LAS VEGAS -- What’s supposed to be a difficult fight for Anderson Silva on Saturday night makes the
Silva is 38 and is just three title fights removed from his perilous final-round survival against Chael Sonnen in 2010.
Saturday night, MGM Resorts listed Silva (33-4) as less than a 3-1 favorite to defeat skilled wrestler Chris Weidman, 29, at MGM Grand Garden Arena.
Still, the UFC opted last month to secure Silva with a 10-fight contract that far exceeds their standard six-fight deal.
Undoubtedly, Silva is a mixed martial arts master who has thrilled over the years by winning fights in a variety of ways, including the rally over Sonnen, the kick to Vitor Belfort's face as well as various spinning blows and sudden bursts of brilliant violence.
But 10 fights? For a 38-year-old?
Sports executives sometimes get too caught up in the moment of an athlete performing near his peak. Would Angels owner Arte Moreno, for instance, still give
Silva manager Ed Soares said Saturday Silva can opt in defeat to retire at any time during the deal.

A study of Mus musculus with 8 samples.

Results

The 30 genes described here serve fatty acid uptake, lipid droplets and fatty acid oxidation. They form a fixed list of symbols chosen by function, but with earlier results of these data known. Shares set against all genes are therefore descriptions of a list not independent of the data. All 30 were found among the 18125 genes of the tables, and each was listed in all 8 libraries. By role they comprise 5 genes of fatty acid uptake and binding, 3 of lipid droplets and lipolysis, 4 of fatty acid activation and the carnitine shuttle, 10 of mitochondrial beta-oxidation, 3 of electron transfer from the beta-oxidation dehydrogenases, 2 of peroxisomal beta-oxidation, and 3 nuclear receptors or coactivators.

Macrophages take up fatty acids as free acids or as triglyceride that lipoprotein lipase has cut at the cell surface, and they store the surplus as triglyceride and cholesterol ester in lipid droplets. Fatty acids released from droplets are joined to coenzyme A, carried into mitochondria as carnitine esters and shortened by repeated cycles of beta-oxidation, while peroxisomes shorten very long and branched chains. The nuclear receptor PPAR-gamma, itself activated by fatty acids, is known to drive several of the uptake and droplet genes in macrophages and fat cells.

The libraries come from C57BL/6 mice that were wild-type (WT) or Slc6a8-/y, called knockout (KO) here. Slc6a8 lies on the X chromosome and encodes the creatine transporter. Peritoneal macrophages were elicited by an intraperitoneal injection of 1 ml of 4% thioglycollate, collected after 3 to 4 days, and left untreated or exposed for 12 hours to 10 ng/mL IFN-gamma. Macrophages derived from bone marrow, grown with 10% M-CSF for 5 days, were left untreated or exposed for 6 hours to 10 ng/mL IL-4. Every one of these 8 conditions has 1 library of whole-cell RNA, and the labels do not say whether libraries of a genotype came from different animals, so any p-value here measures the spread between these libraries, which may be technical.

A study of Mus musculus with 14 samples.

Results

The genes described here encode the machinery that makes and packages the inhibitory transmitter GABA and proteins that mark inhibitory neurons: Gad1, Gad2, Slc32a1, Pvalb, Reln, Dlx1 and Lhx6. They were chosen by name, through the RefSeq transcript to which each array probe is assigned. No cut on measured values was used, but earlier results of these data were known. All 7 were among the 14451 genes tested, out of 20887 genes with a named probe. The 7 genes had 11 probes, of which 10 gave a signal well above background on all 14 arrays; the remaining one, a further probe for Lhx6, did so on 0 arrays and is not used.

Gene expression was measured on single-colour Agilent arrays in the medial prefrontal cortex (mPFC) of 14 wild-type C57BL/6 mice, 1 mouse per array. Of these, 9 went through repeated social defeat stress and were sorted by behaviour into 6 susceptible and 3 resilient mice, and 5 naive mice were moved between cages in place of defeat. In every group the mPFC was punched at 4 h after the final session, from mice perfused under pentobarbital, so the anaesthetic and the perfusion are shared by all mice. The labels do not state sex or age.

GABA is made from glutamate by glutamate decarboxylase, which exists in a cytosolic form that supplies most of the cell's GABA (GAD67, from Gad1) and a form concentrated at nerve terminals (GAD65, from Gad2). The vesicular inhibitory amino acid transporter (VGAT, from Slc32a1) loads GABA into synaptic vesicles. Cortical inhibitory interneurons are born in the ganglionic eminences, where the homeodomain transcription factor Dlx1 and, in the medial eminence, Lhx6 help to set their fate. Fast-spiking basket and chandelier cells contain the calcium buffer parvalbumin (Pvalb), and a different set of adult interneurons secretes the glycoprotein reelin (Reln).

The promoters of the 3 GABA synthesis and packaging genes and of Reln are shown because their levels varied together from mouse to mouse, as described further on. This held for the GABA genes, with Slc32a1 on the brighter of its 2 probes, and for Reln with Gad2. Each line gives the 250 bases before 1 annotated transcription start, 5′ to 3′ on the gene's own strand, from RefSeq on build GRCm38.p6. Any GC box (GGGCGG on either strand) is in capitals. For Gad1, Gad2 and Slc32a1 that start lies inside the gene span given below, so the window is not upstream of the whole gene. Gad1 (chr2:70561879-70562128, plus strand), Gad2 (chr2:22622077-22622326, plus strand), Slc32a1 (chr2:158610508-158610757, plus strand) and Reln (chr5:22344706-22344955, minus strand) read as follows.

Why would he? Saturday, for example, the champion's massive drawing power was underlined by the Nevada State Athletic Commission's report of guaranteed money for the main event.
Silva earns $600,000, plus $200,000 more if he wins. Weidman gets $24,000 and another $24,000 should he pull the upset.
The UFC has given Silva a lucrative deal, but it undeniably wants something rich back in exchange: a Silva super-fight against either light-heavyweight champion Jon Jones or welterweight champion Georges St-Pierre.
Soares echoed the Friday comments of UFC President Dana White that it doesn't appear St-Pierre is interested in a catch-weight fight.
That leaves a potential bout against Jones in early 2014, should Silva win Saturday and Jones defeat Alexander Gustafsson in September.
Soares would not reject that idea Saturday as he's done in the past. He also said Silva still wants to participate in a boxing match against former light-heavyweight champion Roy Jones Jr.
That would be a likely exhibition.
Soares was asked if that was part of the new deal.
"No," he said. "But everything's negotiable."